After surgery, patients generally experience pain lasting for about 5 to 7 days. The Inpatient Acute Pain Service is to, help you recover quickly with the least amount of pain. We believe that controlling pain is important not only to make you more comfortable, but also to allow you to participate in activities that promote recovery from surgery.

In the Acute Pain Service we emphasize the need for accurate pain assessment and use a numeric scale to assess pain. The scale ranges from 0 to 10 in which 0 = "no pain" and 10 = "the worst pain imaginable". Once your pain has been assessed you will be provided with the appropriate choices for managing your pain. Some of the choices are as given below:

1. Oral pain medication
When you are able to eat or drink after the surgery your pain will be treated with an oral pain medication. The best time to request pain medication is when you start feeling pain, not when the pain has become, unbearable. Remember that it is easier to treat lower levels of pain than it is to treat higher levels.

2. IM Injection
Intra-muscular (IM) injection is one of the methods to administer pain medication to you. This approach is used before you are able to take oral medications. When you have pain, just call for the nurse and if appropriate she will give you an injection in your arm or buttocks, as ordered by your doctor.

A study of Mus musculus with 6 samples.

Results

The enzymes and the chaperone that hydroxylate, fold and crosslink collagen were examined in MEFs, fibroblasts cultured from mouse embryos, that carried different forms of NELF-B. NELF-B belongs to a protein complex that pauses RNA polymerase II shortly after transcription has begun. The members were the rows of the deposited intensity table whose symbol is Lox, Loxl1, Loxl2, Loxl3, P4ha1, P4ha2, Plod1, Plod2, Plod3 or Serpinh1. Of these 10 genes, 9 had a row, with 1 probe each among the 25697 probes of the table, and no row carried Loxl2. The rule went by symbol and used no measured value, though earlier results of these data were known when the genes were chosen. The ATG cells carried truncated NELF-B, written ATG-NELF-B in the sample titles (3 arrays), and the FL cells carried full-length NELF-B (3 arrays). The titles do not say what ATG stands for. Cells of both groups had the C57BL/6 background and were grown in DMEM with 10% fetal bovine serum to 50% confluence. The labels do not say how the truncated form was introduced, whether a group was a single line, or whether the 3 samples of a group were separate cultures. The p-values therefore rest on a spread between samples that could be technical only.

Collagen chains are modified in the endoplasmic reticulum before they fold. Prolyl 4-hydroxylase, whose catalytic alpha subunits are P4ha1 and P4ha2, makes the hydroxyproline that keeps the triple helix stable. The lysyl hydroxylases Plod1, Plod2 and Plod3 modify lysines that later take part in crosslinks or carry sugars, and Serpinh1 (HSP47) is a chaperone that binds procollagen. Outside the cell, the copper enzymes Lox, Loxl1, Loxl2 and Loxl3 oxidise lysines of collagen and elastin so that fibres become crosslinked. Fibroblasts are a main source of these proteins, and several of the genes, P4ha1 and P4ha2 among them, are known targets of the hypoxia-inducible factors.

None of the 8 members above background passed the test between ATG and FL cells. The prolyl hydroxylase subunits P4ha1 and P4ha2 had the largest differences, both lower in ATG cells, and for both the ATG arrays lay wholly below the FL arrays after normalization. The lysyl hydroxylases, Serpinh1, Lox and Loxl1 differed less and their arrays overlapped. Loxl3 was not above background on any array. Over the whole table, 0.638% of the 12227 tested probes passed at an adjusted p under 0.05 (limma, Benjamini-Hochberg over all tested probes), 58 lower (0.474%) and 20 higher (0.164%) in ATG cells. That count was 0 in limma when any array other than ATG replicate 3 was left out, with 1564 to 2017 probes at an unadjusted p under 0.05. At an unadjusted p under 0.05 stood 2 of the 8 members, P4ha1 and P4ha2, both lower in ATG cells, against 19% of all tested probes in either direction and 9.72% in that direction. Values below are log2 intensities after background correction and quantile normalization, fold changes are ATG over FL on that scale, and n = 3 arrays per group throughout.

3. PCA
PCA (Patient Controlled Analgesia) is a way to deliver pain medication directly into your veins. You will push the button, whenever you feel pain within certain guidelines. The button is connected to a special pump that contains pain medication. The pump will deliver a set amount of medication, each time you press the button. A member of the Acute Pain Service can change the amount of the pain medication you receive according to your pain level.

4. Epidural Infusion
An epidural infusion is a way for you to receive pain medication without an injection. The pain medication is given through a thin tube placed into your back. An epidural provides excellent pain relief during the postoperative period. It makes you less drowsy so that you can participate in activities that help speed your recovery.

5. Continous Regional Anesthesia Under certain circumstances a catheter, that is similar to an epidural catheter, may be placed alongside a nerve or group of nerves before surgery to your arm or leg. An infusion of local anesthetic is administered through the catheter to provide pain control that is limited to one arm or leg. You can also give yourself extra medication by pressing a button. This is particularly useful before you have physiotherapy. With this technique your pain can be controlled for as long as is needed.